Canadian Prime Minister Stephen Harper

Canadian Prime Minister Stephen Harper: "If there is . . . a universal constant in human affairs, it is that the expansion of knowledge and technology has continuously made life better for more people."

Credit: Eric Feferberg, AFP / Getty Images

During a special visit to Perimeter Institute for Theoretical Physics (PI) tied to the center's Global Outreach activities, the Prime Minister of Canada Stephen Harper announced new federal funding of $20 CDN million to speed the growth of science and technology capacity in Africa by developing the talent of its brightest young minds.

This high impact investment leverages Perimeter Institute's expertise to build upon the success of the African Institute for Mathematical Sciences (AIMS) in Cape Town, South Africa. Canada's lead investment will help support the establishment of a network of five AIMS centers across Africa by 2015. Year over year, the centers will graduate African scientists with the skills needed to tackle development challenges and seize opportunities for innovation and growth. In the longer term, The AIMS Next Einstein Initiative seeks to create a network of 15 AIMS centers by 2020, graduating 750 scientists and technologists per annum.

The Perimeter Institute's new Global Outreach program aims to promote emerging centers of excellence in math and science internationally, especially in the developing world. PI does not fund other organizations, but assists them by sharing best practices in developing, establishing and operating centers of excellence. In doing so, PI is pleased to work with the Canadian government and its agencies to ensure that Canada is best able to leverage its expertise as a knowledge nation, in the pursuit of its international development goals.

High Impact, Lasting Value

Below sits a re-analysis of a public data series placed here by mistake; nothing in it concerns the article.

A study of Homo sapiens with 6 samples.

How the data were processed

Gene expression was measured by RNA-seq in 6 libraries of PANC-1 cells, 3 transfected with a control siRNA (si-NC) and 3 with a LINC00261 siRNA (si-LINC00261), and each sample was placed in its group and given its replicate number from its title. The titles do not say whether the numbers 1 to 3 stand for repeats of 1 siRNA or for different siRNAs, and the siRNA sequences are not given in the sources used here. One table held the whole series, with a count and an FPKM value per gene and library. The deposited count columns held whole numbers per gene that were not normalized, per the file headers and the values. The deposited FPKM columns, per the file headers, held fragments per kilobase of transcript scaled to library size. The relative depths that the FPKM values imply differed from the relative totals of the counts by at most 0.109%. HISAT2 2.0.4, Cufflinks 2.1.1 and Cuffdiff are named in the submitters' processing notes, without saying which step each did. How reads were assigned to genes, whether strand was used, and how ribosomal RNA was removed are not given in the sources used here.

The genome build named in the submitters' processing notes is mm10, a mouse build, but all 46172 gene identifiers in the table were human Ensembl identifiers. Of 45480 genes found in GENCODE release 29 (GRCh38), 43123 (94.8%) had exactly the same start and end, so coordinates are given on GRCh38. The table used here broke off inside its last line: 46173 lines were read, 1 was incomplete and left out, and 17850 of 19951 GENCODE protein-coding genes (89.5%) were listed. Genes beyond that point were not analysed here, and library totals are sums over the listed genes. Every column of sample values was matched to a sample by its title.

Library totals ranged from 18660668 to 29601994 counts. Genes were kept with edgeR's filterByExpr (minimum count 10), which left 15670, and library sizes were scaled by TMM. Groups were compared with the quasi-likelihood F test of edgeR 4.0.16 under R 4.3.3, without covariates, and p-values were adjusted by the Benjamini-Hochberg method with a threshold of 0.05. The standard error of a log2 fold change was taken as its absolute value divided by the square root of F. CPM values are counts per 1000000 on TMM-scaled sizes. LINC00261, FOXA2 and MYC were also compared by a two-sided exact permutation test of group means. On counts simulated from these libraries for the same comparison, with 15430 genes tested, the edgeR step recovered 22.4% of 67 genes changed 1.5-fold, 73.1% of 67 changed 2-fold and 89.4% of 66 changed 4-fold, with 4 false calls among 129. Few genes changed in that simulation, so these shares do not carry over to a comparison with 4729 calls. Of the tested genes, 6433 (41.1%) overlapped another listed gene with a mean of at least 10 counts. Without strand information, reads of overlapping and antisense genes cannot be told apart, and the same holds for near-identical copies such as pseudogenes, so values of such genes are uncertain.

In a special announcement involving Stephen Hawking, PI Distinguished Research Chair as well as patron of the African Institute for Mathematical Sciences, the Prime Minister of Canada announced the new federal funding as a central element of a partnership between Universities, the private sector and African governments focused on establishing the AIMS network, including new centers in Ethiopia, Ghana, and Senegal. Prime Minister Harper commended AIMS' revolutionary approach and said, "History shows that our world becomes safer, healthier and more stable through advances made in science and technology. Humanity's ascent from ignorance and barbarism to enlightenment and equality has been a fitful and uneven process. If there is, however, a universal constant in human affairs, it is that the expansion of knowledge and technology has continuously made life better for more people. That's why our government is supporting scientific and technological research, as well as development at home and abroad."

Professor Hawking visited South Africa in May 2008 to help announce the Next Einstein Initiative that would see the growth of AIMS into a pan-African network of centers. Upon meeting Prime Minister Harper and learning of this new, federal support, Prof. Hawking said, "I was lucky to visit AIMS in South Africa, in 2008, to enjoy the remarkable atmosphere, filled with the students' enthusiasm for math, science and the future of Africa. Science is a powerful unifier of people from all countries and cultures. I believe that connecting Africans to each other and to the world through science is one of the best investments one can make in Africa's future."

In commenting on these announcements, Mike Lazaridis, Perimeter Institute's founder and Board Chair said, "I am very gratified that Perimeter Institute is not only advancing scientific research, training and outreach here in Canada, but is now viewed as a model of excellence throughout the world. We will do all we can to share our expertise with other centers and we welcome all partners who believe in our vision to harness the process and power of science for peace, progress and prosperity."